U.S. Floats New Fissile Talks Formula

March 2016

By Daryl G. Kimball

19_NEWS_Fismat.jpgIn an effort in January to break the years-long dispute blocking the start of negotiations at the Conference on Disarmament (CD), Nigeria, the CD president at the time, circulated an informal draft proposal for talks on fissile material issues formulated by the United States and backed by several other governments.

To date, the proposal has not obtained the necessary consensus support in the 65-country CD, which is based in Geneva.

The new proposal calls for the establishment of a working group to “negotiate an internationally and effectively verifiable treaty dealing with fissile material for use in nuclear weapons or other nuclear explosive devices,” according to diplomatic sources.

This formula would allow for talks on a treaty that would not only verifiably halt the further production of fissile material for nuclear weapons, but also take into account existing stockpiles of fissile materials for use in nuclear arms.

In recent years, Pakistan has opposed negotiations on a treaty banning the production of fissile material unless the talks also address the issue of existing fissile material stockpiles.

On Jan. 26, just days before the new proposal was put forward, Pakistan’s CD ambassador, Tehmina Janjua, complained that other states have not been “willing to include existing stocks of fissile material in the treaty’s negotiating mandate.”

“A treaty that does not address the asymmetry in fissile material stocks…would adversely affect Pakistan’s vital interests,” Janjua said.

Pakistan, its neighbor India, and North Korea are currently producing and stockpiling fissile materials (plutonium and highly enriched uranium) for nuclear weapons.

France, Russia, the United Kingdom, and the United States have publicly renounced fissile material production for weapons, while China is believed to have stopped such production. All have significant residual stockpiles. Israel is not believed to be actively producing fissile material for weapons.

Several delegation heads welcomed the proposal. Patricia O’Brien of Ireland praised “the timely U.S. initiative” and its inclusion of existing stockpiles of fissile material in the negotiating mandate.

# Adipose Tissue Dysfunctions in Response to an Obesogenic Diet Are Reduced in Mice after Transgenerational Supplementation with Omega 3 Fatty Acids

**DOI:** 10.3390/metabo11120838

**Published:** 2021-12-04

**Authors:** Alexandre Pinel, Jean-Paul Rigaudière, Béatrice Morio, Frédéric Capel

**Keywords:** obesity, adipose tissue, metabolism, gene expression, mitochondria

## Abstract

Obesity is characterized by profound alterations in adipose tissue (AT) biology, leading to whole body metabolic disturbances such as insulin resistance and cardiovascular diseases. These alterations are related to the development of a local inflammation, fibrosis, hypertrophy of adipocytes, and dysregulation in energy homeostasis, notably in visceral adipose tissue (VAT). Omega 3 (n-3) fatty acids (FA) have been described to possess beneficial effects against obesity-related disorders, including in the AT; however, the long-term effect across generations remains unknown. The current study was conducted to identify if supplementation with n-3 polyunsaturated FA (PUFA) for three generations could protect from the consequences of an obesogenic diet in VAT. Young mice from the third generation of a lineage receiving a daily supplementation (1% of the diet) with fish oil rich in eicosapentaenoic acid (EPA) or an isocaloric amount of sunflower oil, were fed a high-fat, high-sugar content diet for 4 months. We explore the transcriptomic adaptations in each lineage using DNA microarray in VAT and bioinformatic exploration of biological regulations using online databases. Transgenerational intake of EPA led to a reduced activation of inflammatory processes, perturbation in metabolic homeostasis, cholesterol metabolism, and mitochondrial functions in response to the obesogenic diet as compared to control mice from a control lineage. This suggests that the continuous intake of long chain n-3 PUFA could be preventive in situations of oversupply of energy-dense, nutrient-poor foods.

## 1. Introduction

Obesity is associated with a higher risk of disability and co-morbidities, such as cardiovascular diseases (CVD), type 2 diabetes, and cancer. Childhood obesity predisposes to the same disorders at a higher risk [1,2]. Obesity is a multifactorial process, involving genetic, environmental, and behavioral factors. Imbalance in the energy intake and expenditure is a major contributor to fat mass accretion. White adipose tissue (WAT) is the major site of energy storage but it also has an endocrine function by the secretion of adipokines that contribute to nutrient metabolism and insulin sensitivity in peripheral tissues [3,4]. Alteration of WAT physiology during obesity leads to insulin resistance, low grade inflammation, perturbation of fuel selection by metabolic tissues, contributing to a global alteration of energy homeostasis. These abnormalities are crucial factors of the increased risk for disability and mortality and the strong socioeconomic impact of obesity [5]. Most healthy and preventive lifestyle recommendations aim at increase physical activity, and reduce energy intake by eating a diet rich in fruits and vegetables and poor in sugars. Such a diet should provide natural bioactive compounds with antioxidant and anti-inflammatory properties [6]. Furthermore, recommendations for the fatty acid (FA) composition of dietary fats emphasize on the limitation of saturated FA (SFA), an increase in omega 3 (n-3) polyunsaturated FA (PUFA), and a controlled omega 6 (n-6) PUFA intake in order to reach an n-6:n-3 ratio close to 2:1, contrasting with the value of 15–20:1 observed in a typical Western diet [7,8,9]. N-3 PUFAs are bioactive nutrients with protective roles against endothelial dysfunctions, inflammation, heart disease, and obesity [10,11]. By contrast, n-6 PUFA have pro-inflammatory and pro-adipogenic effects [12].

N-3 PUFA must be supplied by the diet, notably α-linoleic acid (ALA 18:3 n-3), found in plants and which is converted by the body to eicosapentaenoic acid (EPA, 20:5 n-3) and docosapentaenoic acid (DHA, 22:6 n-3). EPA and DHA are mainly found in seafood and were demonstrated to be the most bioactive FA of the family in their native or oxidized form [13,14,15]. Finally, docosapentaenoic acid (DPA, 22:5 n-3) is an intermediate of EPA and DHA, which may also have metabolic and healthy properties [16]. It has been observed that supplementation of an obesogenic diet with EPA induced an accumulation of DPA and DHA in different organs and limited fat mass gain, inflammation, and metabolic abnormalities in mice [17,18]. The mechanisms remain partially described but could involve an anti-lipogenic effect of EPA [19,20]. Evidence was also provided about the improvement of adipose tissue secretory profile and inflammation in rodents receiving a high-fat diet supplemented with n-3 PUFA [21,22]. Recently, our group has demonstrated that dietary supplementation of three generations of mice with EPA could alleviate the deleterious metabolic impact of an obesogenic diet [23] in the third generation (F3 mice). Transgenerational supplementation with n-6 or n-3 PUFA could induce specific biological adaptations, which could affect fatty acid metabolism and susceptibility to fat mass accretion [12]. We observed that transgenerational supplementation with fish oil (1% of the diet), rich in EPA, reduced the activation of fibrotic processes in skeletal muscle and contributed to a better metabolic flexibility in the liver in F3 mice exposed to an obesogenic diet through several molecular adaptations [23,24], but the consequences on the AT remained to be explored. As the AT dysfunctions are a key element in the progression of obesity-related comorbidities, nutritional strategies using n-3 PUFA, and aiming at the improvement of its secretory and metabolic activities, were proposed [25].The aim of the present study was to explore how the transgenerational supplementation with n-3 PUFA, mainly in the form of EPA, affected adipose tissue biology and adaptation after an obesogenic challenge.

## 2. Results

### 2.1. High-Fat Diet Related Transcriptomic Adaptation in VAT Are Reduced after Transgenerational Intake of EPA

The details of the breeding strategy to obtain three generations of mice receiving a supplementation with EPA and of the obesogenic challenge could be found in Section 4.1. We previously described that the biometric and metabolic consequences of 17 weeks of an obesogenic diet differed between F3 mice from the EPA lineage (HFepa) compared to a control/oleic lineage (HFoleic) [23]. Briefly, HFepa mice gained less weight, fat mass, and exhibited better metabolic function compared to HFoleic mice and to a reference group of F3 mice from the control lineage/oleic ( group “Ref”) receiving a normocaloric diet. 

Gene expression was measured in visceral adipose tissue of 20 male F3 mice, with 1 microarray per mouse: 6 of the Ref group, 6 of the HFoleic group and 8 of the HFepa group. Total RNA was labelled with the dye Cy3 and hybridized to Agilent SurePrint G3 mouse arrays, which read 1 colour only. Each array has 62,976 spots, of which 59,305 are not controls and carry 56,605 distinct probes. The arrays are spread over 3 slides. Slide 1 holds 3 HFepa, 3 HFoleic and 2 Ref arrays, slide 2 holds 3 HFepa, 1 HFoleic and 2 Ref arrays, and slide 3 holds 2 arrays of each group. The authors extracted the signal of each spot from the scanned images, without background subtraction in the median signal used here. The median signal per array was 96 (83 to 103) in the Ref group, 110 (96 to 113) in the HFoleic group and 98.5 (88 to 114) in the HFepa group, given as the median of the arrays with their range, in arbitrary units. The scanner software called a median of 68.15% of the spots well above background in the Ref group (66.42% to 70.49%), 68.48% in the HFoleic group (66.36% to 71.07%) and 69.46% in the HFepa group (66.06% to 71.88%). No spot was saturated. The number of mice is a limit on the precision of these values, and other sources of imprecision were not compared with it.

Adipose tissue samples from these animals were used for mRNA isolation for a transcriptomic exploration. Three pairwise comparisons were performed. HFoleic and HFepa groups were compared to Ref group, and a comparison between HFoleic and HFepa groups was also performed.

“There is not more time to lose,” O’Brien said in a Feb. 2 statement to the CD.

Since 1996, the member states of the CD have failed to agree on a common work plan for negotiations on four main issues: nuclear disarmament, a fissile material cutoff treaty, the prevention of an arms race in outer space, and negative security assurances. (See ACT, September 2015.)

After consultations among states on the new proposal, Pakistan, along with China and Russia, blocked agreement, according to diplomatic sources familiar with the situation. Pakistan, according to one informed source, argued that the negotiating mandate must explicitly state that existing stocks would be considered rather than simply allowing for consideration of the issue.

In response, Nigeria circulated a formal proposal for “discussions” on all four of the core agenda items. 

This approach, however, elicited strong criticism from states that are impatient with the CD’s inability to launch negotiations, rather than discussions, on one or more agenda items.

“Mere discussions can never be a substitute for ‘substantive work’ according to the CD mandate—that is, negotiating treaties to achieve and maintain a world without nuclear weapons,” argued Thomas Zehetner of Austria in a statement to the CD on Feb. 19.

“We have seen efforts in recent weeks to start negotiations. We believe that we should continue with these efforts to strive for the adoption of a Program of Work that would result in the start of negotiations, not just an exchange of views,” Zehetner said.

Efforts to resolve the impasse now fall to Norway, which takes over the CD presidency in March.